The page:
From Mitch Albom:
Friends, today is one of the saddest days of my life. My beloved father, Ira Albom, passed away last Friday after a long health battle. This afternoon, we will bury him beside my mother, Rhoda, who died nearly three years ago. Dad was lost the moment he said goodbye to her.
And am I lost now.
Cast adrift. That’s how it feels. Roots severed. No parents in the world. Talking with my sister and brother, we all agree that we are not ready to be the grown-ups, not ready to say goodbye to being someone’s child on this earth.
Yet we dare not complain. For we – and the world – were blessed with my father for 88 years. He was good and moral and strong and warm and while my happy hurricane of a mother urged me to all the good things I could be, my father is the reason for all the bad things I am not. I could always look up and see him as an example. If he restrained himself from violence, disrespect, coldness, insensitivity, then how could I do less?
“A man doesn’t do that,” he would often say about negative behavior. He was that paternal role model that so many kids don’t get today. How can I complain after having him all this time?
My Dad was born in 1929, just in time for the Great Depression, which is probably why he rarely complained later in life. The son of an immigrant plumber, my Dad was the first to attend college in his family. He was forced to be a man before he got to be a teenager, taking over the family responsibilities for my mother’s home when her father suddenly dropped dead and her mother fell into depression. He handled it. He always handled things. Dad was constructed of old-fashioned materials– family love, self-discipline, hard work, quiet suffering. He raised us and he raised many others, family and strangers gravitated to him, they felt protected under his wing. He helped them, paid for them, advised them, loved them.
And I was his son, his first son, clearly formed from his DNA catalogue: same ears, chin, hair, body. Same voice. As a teen, I used to call him at work and he’d answer “Albom speaking” and I’d say, “Albom speaking” and he’d say “Very funny” and I’d say “Very funny” and he’d say, “Knock it off” and I would, because you never, ever crossed my Dad.
He was a great singer, and could have joined the opera, his dream, but instead fought for his country during the Korean War and took an accounting job to support my mother and the coming children. Some of my most precious memories over the years are playing piano in the basement for him while he prepared songs for a family wedding or party. He liked to sing slowly. Really slowly. Whenever I tried to pick up the pace he’d say, “Too fast, Mitchie. Too fast.” This was during a ballad. To him, the word “ballad” meant “slow down by 50 percent.”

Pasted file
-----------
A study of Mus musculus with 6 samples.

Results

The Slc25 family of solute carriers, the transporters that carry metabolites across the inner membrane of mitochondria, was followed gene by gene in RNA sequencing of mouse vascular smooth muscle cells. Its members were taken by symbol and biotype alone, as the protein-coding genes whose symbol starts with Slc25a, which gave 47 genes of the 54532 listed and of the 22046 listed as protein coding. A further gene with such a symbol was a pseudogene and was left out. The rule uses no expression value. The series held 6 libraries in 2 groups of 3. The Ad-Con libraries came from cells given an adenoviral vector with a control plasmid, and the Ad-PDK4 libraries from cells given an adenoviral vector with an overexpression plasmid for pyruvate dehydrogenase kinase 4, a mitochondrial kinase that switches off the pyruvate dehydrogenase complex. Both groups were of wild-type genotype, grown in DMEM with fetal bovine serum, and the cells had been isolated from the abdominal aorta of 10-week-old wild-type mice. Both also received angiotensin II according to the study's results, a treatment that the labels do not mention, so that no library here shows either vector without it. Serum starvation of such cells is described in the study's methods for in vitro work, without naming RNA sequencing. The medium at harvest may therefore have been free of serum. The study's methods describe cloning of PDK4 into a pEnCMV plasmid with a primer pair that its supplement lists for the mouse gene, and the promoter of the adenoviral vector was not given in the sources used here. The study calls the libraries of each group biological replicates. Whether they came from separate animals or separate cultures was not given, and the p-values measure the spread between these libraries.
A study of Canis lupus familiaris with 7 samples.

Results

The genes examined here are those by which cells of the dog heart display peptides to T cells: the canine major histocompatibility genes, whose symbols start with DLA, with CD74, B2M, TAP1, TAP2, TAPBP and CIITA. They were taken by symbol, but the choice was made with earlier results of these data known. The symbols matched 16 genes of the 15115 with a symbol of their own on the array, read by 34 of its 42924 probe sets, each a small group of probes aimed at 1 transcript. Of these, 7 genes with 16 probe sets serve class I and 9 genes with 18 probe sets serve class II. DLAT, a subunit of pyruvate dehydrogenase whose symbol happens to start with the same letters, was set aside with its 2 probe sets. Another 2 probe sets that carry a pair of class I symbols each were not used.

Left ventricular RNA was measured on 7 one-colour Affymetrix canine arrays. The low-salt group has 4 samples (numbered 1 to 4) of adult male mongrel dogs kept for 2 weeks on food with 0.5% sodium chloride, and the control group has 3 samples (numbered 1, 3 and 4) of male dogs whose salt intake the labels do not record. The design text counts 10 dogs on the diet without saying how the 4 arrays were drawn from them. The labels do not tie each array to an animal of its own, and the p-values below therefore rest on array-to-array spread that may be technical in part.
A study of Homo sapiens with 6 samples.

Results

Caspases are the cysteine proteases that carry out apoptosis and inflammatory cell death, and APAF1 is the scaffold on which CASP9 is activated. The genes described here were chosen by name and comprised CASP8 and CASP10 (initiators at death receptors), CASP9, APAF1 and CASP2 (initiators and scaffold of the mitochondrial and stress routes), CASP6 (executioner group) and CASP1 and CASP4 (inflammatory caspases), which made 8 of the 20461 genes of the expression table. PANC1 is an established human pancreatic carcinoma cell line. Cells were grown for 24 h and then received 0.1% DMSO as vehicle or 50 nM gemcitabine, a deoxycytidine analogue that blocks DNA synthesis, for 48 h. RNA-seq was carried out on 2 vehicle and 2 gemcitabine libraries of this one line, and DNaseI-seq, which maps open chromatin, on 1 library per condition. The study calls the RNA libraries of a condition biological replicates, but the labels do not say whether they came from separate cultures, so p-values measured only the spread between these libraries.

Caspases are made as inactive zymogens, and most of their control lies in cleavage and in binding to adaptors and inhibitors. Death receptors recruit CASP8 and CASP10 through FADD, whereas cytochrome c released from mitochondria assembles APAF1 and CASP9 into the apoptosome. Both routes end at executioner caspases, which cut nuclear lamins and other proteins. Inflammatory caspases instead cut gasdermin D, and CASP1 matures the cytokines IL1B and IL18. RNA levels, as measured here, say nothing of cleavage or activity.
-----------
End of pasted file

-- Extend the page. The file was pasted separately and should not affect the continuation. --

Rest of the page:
I loved to hear him sing and loved to him tell stories about travelling the world. I loved to hear the respect he showed strangers. He always wanted coffee the moment he sat down in a restaurant, but if the service was slow, he’d politely read the server’s name on a badge and say, “Excuse me, Charlene, I wonder if we could get that coffee now? Thanks very much.”
Ever mannered. Ever respectful. Ever aromatic. Yes. My Dad smelled good all the time. So many people have sent me memories of him mentioning his cologne or aftershave. It was part of the respect he showed the world. He smelled good. He dressed impeccably. People joked that he wore a suit to bed. But it was part of his quiet dignity.
I saw the beauty of that when, in his late 40’s, prime of his career, his company cruelly fired him after nearly 19 years of service, one year shy of making his pension for life. As a bone, they said he could use an office for a few months to make calls for another job.
Many men would have told them to shove it. But my father never complained. He put on a suit every morning and drove all the way there and said good morning to the people he used to manage, never losing his self-esteem, and he spent the day searching for new work to feed our family until he found something. When I asked him how he did this without being embarrassed, he shook his head at me and said, “They don’t control embarrassing me. Only I can do that.”
His dignity, as always, came from within.
More than anything in life, my father adored my mother. They met when he was 16, she was 15, and they never dated, kissed, or had eyes for anyone else. My father so respected, honored and cherished my Mom, that our next-door neighbor used to joke, “When I die, I want to come back as Ira Albom’s wife!”
They were married on Christmas Eve, 1950, the only night they could afford to rent out a restaurant for the ceremony, and this Christmas Eve, they will celebrate their 67th anniversary in heaven, together, because they only belong together. True to his heart, my father wanted a picture of the two of them on my mother’s grave stone, and when we’d visit the cemetery, he’d see himself smiling next to her, and he’d say, “I’ll see you soon, babe.”
Today, he formally joins her. But I guess he never really left her, as I know he will never really leave us. Our hearts are broken. Our souls are bowed. But our lives have forever been enriched with love and guidance and wisdom and principle.
My family has a superstition, never say goodbye, only “so long.” OK, then. So long, Dad. All that I know in this world came through your mind, all that I see came through your eyes, all that I feel came through your heart. You are in mine forever and ever.
The family has kindly requested no flowers or gifts. If someone desires, a donation to help sick children at the Have Faith Haiti orphanage can be made in Ira Albom’s name at www.thechikafund.org.